Monday, May 2, 2011

Italy Day 20 {San Marino; Padua}

Singing at the pub in San Marino

Tim and the boys planned a side trip to visit San Marino, another tiny country perched atop a hill in Italy.  The primary purpose of this detour: to have their passports stamped.  Twenty minutes of hairpin turns up a steep hill brought us to the little country, and we arrived during afternoon rest (reposa).  With sweeping views of the Italian country side below and the acapella choir of happy gentlemen gathered an at the pub for fellowship and refreshments during the afternoon break, San Marino welcomed us.  Most predominantly visible in San Marino: tourist shop after tourist shop; selling postcards, trinkets, perfume and guns.  The narrow streets were packed with pedestrians, and we wound our way up the steep hills to the tourism office.  For 5 Euros each, Joseph and Peter's passports were stamped; mission accomplished. 

Bridget, Joseph and Peter atop San Marino

Tim, Joseph and Peter at a square in San Marino

Already a 250+ mile day, our drive to Padua was lengthened not only by our detour to San Marino, but also by a poor road choice and the need to double back and re-enter the roaring Autostrade.   With the added miles and travel time, our arrival into Padua coincided with evening rush hour and dinner time.  We unknowingly entered a few "no traffic zone" pedestrian-only streets (in some Italian cities traffic cameras capture offenders, who receive expensive fines via the mail).  Frustrated, tired and hungry, we finally opted to temporarily abandon the vehicle and continue our hotel search on foot.  Fortunately we located a decent hotel after a short walk, and after re-parking the car and hauling our gear to the room, set off into Padua for dinner.  After pizza and pasta (and more expensive water), a good night's sleep was top on the agenda, to get an early start on our next-day trip to Venice.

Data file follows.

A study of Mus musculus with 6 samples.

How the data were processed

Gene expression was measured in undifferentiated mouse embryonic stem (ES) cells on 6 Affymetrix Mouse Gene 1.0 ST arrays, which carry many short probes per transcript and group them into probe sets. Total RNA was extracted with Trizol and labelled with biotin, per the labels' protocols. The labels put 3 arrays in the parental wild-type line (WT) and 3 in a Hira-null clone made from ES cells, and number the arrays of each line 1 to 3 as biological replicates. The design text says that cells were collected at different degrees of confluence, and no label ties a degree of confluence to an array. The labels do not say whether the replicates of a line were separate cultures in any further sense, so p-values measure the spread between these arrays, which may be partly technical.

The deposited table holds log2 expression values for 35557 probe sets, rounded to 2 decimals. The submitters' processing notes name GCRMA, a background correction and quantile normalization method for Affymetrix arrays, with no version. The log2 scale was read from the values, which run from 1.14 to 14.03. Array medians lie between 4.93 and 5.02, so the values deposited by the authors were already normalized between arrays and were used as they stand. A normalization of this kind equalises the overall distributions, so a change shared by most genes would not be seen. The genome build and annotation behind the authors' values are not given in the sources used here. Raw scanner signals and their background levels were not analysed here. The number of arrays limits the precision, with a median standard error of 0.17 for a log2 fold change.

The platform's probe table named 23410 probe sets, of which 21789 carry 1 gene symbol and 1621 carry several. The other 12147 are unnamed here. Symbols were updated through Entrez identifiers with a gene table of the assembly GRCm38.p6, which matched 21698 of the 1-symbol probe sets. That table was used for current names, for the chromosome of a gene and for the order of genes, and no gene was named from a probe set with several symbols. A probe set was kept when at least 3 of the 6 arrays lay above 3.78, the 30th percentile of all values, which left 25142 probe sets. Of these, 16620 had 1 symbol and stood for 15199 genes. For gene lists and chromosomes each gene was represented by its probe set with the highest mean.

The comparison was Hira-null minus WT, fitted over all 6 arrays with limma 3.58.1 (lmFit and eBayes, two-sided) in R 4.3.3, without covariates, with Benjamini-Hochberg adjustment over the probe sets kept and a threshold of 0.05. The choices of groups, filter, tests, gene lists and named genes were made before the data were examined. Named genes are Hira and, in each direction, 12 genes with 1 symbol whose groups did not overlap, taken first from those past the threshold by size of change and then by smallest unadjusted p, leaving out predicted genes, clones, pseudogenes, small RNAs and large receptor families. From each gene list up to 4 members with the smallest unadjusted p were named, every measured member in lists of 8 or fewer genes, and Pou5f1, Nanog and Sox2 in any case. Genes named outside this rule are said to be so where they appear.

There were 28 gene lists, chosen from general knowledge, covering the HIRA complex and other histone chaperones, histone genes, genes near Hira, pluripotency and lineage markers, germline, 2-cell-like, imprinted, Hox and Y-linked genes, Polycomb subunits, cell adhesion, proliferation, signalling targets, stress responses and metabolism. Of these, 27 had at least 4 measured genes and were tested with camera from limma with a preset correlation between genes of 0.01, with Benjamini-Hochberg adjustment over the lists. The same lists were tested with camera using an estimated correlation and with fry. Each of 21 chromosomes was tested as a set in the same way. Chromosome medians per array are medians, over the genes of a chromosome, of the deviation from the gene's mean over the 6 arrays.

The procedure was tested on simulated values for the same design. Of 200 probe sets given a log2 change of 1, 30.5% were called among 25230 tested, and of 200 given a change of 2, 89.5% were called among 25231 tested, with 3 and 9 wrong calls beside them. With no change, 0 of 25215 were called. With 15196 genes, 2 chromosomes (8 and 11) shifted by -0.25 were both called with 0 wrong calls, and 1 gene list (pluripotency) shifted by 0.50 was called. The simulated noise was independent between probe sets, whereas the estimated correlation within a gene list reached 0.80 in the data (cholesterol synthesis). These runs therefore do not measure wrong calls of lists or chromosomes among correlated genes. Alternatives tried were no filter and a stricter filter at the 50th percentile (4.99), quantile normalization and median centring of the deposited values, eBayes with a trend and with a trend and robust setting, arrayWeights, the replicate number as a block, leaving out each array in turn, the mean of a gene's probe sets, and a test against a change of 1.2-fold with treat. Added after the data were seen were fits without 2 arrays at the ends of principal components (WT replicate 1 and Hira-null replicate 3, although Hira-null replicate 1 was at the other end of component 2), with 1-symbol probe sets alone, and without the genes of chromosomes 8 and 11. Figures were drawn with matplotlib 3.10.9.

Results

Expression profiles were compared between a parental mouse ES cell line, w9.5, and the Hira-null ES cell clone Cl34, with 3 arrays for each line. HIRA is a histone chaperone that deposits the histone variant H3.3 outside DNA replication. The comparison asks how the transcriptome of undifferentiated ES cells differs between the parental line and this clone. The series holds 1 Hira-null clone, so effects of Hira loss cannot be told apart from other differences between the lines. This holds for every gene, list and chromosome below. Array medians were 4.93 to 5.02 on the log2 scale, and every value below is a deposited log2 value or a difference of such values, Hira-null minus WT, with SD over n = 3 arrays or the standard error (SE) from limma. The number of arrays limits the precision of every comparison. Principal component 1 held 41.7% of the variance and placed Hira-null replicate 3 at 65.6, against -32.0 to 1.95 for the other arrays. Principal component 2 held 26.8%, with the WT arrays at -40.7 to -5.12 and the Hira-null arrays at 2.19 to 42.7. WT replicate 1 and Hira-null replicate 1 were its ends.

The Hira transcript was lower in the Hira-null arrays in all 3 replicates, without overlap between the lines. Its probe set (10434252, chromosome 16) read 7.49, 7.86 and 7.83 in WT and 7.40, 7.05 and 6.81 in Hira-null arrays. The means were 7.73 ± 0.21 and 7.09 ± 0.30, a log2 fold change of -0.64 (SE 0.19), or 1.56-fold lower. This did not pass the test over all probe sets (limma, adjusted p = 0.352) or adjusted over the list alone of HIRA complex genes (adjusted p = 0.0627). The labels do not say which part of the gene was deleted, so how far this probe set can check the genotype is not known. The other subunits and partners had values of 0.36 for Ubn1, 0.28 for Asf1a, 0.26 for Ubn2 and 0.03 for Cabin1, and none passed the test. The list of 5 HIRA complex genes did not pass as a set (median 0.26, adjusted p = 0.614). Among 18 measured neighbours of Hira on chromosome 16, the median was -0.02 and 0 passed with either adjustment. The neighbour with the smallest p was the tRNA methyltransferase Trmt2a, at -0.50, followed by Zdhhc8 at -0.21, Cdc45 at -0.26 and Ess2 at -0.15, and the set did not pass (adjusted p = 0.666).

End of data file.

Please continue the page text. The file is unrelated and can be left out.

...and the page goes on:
Cars and pedestrians share the very narrow, steep streets lined with tourist shops and government buildings in San Marino.

Peter and Joseph watch as their passports are stamped in the tiny country of San Marino.

  • Gas prices are right around $8 gallon.
  • One wrong turn can end up being very expensive.
  • Our stops to re-fuel the vehicle always include a short break for cappuccinos, served by baristas/gas station cashiers in the markets at the gas stations (where mixed drinks are also served).

1 comment:

July Soto said...

Interesting and very informative post. I've never been to San Marino, but after reading your post and seeing the great photos, I must say I am intrigued. Thank you!